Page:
Job Description: Appraise real and personal property to determine its fair value. May assess taxes in accordance with prescribed schedules.

List of Assessor Job Duties

  • Hire staff members.
  • Identify the ownership of each piece of taxable property.
  • Maintain familiarity with aspects of local real estate markets.
  • Explain assessed values to property owners and defend appealed assessments at public hearings.
  • Serve on assessment review boards.
  • Provide sales analyses to be used for equalization of school aid.

Things an Assessor Should Know How to Do

Below is a list of the skills most Assessors say are important on the job.

Active Listening: Giving full attention to what other people are saying, taking time to understand the points being made, asking questions as appropriate, and not interrupting at inappropriate times.

Speaking: Talking to others to convey information effectively.

Reading Comprehension: Understanding written sentences and paragraphs in work related documents.

Critical Thinking: Using logic and reasoning to identify the strengths and weaknesses of alternative solutions, conclusions or approaches to problems.

Active Learning: Understanding the implications of new information for both current and future problem-solving and decision-making.

Social Perceptiveness: Being aware of others' reactions and understanding why they react as they do.

Other Assessor Job Titles

  • Tangible Personal Property Appraiser
  • Easement Worker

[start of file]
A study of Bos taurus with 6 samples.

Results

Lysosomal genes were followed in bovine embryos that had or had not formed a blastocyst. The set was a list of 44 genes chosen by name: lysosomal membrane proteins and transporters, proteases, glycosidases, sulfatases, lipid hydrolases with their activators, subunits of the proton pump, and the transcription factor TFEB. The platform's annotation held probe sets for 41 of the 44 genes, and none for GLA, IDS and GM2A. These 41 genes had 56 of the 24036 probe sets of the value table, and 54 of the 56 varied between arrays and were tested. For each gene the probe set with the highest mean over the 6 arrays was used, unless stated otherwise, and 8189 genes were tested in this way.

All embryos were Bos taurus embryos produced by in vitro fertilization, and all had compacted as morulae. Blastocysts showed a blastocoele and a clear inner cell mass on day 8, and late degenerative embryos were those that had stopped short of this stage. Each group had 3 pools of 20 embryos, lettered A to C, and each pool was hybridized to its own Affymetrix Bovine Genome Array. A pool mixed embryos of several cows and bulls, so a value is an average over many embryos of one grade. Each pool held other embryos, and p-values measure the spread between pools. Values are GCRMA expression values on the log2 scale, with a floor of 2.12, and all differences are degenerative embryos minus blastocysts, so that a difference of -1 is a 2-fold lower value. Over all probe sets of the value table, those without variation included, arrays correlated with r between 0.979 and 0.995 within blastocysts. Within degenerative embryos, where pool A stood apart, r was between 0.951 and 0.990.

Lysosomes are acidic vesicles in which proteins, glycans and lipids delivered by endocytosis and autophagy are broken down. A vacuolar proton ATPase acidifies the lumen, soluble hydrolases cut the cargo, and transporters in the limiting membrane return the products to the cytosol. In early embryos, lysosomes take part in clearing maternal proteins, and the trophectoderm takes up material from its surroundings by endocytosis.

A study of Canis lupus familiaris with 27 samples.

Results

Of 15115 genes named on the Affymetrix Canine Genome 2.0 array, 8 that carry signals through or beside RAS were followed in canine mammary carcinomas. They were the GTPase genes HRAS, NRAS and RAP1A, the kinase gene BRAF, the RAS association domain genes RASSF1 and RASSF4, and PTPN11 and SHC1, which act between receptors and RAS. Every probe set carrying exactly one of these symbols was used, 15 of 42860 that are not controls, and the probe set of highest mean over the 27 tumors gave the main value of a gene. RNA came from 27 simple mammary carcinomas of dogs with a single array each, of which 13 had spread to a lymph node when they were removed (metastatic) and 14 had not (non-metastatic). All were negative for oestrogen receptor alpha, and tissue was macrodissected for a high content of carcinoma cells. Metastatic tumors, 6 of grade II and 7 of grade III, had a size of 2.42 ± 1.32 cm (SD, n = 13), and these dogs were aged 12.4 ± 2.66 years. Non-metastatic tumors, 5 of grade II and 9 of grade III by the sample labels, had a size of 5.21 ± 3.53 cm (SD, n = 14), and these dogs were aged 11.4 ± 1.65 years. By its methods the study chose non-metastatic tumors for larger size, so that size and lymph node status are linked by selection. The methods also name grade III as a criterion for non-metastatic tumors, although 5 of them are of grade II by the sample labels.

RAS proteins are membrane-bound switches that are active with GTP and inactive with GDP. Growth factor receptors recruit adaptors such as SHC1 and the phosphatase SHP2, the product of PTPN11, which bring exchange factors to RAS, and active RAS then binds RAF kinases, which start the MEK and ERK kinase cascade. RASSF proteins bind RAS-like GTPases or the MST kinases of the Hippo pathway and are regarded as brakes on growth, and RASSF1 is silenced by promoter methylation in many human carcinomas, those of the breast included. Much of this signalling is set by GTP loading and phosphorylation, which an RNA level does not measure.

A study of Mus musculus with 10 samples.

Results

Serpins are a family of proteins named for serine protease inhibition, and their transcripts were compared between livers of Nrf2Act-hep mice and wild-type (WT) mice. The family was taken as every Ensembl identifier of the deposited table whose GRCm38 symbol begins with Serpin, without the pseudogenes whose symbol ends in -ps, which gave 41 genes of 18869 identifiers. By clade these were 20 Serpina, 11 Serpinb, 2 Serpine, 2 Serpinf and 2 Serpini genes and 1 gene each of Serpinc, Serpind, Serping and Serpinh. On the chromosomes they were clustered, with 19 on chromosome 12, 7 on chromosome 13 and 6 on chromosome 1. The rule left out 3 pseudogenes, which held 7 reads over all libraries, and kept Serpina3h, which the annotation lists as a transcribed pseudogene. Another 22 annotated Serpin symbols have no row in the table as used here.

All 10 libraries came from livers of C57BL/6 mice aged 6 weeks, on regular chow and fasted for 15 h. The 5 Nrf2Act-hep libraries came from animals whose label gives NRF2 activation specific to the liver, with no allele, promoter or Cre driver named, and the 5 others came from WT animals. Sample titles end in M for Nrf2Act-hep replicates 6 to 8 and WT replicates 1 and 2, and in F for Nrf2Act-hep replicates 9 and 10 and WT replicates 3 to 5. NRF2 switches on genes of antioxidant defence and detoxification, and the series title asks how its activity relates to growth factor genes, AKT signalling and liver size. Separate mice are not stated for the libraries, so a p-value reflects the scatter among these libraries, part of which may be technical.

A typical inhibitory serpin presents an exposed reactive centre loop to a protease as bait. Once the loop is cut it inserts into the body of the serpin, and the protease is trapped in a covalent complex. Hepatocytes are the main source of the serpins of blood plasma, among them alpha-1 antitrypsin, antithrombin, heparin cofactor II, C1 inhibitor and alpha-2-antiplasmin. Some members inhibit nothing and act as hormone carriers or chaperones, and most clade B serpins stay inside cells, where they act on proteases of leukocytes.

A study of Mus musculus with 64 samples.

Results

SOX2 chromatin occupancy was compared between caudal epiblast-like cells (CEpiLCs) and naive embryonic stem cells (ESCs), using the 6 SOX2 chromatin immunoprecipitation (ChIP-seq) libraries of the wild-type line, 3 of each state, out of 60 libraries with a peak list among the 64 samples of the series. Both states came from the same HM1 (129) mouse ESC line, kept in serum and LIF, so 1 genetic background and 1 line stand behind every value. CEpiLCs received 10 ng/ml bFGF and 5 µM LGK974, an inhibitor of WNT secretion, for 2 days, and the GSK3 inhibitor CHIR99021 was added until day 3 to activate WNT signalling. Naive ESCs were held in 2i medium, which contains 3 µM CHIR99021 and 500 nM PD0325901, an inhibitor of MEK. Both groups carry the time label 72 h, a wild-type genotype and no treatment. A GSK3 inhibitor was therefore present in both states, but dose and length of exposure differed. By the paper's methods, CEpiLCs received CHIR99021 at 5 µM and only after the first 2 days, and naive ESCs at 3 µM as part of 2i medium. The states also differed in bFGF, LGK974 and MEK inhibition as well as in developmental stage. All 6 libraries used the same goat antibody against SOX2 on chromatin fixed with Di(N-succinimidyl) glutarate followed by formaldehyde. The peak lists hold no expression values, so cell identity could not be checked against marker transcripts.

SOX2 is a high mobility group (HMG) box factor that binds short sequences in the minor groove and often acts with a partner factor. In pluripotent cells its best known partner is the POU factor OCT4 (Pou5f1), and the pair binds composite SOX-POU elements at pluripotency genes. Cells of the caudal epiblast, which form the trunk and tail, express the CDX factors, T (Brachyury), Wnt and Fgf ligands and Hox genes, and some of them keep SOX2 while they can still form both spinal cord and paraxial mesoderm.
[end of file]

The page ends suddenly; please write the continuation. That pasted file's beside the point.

• County Assessor
  • Industrial Property Appraiser
  • Appraiser

Job Demand for Assessors

In 2016, there was an estimated number of 80,800 jobs in the United States for Assessor. New jobs are being produced at a rate of 14.4% which is above the national average. The Bureau of Labor Statistics predicts 11,600 new jobs for Assessor by 2026. The BLS estimates 6,700 yearly job openings in this field.


Assessor Average Salary

The typical yearly salary for Assessors is somewhere between $29,690 and $102,590.


How much do Assessors make in each U.S. state?

State Annual Mean Salary
Alabama $54,340
Alaska $76,080
Arizona $49,330
Arkansas $45,180
California $84,130
Colorado $79,390
Connecticut $70,610
District of Columbia $93,730
Florida $53,900
Georgia $54,550
Hawaii $67,870
Idaho $53,090
Illinois $56,520
Indiana $48,740
Iowa $78,680
Kansas $56,800
Kentucky $46,740
Louisiana $52,310
Maine $60,120
Maryland $63,590
Massachusetts $70,150
Michigan $52,730
Minnesota $69,200
Mississippi $57,120
Missouri $55,190
Montana $46,490
Nebraska $71,370
Nevada $94,400
New Hampshire $70,840
New Jersey $73,200
New Mexico $44,710
New York $63,100
North Carolina $57,230
North Dakota $53,840
Ohio $69,650
Oklahoma $49,050
Oregon $69,040
Pennsylvania $59,830
South Carolina $54,130
South Dakota $49,100
Tennessee $57,320
Texas $59,310
Utah $52,280
Vermont $55,870
Virginia $60,420
Washington $69,770
West Virginia $40,710
Wisconsin $66,030
Wyoming $58,600

What Tools & Technology do Assessors Use?

Although they’re not necessarily needed for all jobs, the following technologies are used by many Assessors:

  • Microsoft Excel
  • Microsoft Word
  • Microsoft Office
  • Microsoft PowerPoint
  • Microsoft Outlook
  • Web browser software
  • Microsoft Access
  • Word processing software
  • Database software
  • Geomechanical design analysis GDA software
  • RealData Comparative Lease Analysis
  • Wilson’s Computer Applications RealEasy Appraisals
  • Softree Technical Systems Terrain Tools
  • Greenbrier Graphics Deed Plotter
  • a la mode WinTOTAL
  • Realty Tools Toolkit for Market Share
  • Govern Software Land and Permits Management System
  • Ascend Property Assessment
  • ValueTech Report Builder
  • Business Management Systems Municipal Geographic Management System MGMS

How to Become an Assessor

What kind of Assessor requirements are there?





Those thinking about becoming an Assessor might also be interested in the following careers:

Career changers with experience as an Assessor sometimes find work in one of the following fields:

References:

Image Credit: Godrej Mamurdi Pune via Creative Commons Attribution-Share Alike 4.0 International

More about our data sources and methodologies.